How Oscar Howe's 'Wounded Knee' painting found its way to the Eisenhower Presidential Library
A new major retrospective of the artist's works has gone up in New York City. One of his most provocative pieces remains in Kansas -- due, in part, to a surprise trip to Hollywood in 1960.
VERMILLION, S.D. — A retrospective of Yanktonai Dakota painter Oscar Howe's work has debuted at the National Museum of the American Indian-Smithsonian, bringing Howe's most celebrated paintings to New York City.
But his most provocative work, the 1959-60 painting of the Wounded Knee massacre, sits at the Eisenhower Presidential Library in Kansas.
"It's perplexing to me," said Kathleen Ash-Milby, c urator of the exhibit at the National Museum of the American Indian. "The library is really holding onto it very tightly."
In an interview on Friday, March 25, however, the Eisenhower library's curator, William Snyder, said the museum never received a request to show the painting and would've been happy to do so.
"It's a fantastic piece," said Snyder. "Oscar keeps coming up [on requests]. There's something about this painting."
Both agree how the painting came to Abilene is a winding road.
In 1960, actor Vincent Price wrote to Howe, a University of South Dakota professor, to come to Hollywood to talk about Indigenous art on a television show. Howe and his family would be flown in and put up in a hotel. All Howe needed to bring was a few paintings.
Of course, Howe would soon find out Price's request was pretext for the painter's appearance on NBC's "This Is Your Life."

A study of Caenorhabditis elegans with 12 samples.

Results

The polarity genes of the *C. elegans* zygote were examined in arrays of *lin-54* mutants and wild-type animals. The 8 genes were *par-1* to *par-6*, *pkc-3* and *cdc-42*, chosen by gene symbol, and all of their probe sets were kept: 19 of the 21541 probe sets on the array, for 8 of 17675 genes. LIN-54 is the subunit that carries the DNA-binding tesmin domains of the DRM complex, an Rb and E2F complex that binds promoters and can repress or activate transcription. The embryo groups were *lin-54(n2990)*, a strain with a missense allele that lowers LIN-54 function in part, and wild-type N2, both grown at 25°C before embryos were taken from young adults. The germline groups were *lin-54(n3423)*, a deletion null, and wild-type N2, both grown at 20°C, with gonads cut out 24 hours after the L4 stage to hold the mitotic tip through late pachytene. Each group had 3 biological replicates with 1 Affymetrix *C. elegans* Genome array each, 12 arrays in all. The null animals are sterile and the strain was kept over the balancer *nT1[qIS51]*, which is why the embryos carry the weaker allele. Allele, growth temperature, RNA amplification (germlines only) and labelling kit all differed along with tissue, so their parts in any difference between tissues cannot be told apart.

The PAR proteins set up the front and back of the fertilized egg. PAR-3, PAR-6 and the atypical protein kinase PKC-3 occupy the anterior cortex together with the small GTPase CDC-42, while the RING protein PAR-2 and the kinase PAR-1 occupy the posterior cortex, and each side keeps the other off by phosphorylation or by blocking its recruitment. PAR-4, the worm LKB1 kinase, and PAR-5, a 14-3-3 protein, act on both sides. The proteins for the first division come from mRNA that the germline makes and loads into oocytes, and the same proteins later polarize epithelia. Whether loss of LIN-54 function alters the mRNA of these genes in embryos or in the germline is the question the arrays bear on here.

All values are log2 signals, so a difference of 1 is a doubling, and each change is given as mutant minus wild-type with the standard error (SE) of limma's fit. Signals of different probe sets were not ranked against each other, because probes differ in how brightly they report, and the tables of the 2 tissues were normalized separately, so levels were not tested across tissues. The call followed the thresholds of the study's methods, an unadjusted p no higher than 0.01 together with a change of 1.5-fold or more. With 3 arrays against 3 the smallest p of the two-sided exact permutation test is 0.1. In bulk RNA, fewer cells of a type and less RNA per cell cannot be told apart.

The April 13, 1960, show opened with Lakota elders seated stereotypically in a semi-circle on stage. Then, host Ralph Edwards welcomed Howe and his paintings onstage.
As a camera zoomed in on "Wounded Knee," Edwards said, "You've captured the final, desperate clash between red man and white in this brilliant painting."
Howe's painting of the killing of Lakota men, women, and children in December, 1890 resembles a cemetery headstone. The 7th Cavalry fires down upon Lakota, some with lost limbs and bleeding. Howe, known for abstraction, wrote that his goal was to simply "record an historical event."
According to a 2014 essay , Edwards arranged with Howe's wife, Heidi, to purchase the painting for $900 and later gifted it to President Dwight D. Eisenhower.
While Snyder acknowledged the former military general wasn't "effusive" in his praise of the painting, he did publicly display it for the last months of his White House in 1960.
A group of USD alum went public in January about their campaign to bring the painting back to South Dakota.
While the painting now sits in Kansas, the traveling exhibition — set to arrive in South Dakota in 2023 — does post a copy adjacent to an original trace paper onto which Howe sketched a draft of "Wounded Knee Massacre."
And its appearance on coast-to-coast TV remains an act of boldness, Ash-Milby says.
"He knew he was going to be on national television," she said. "And [he] wanted to make sure the American public knew that painting."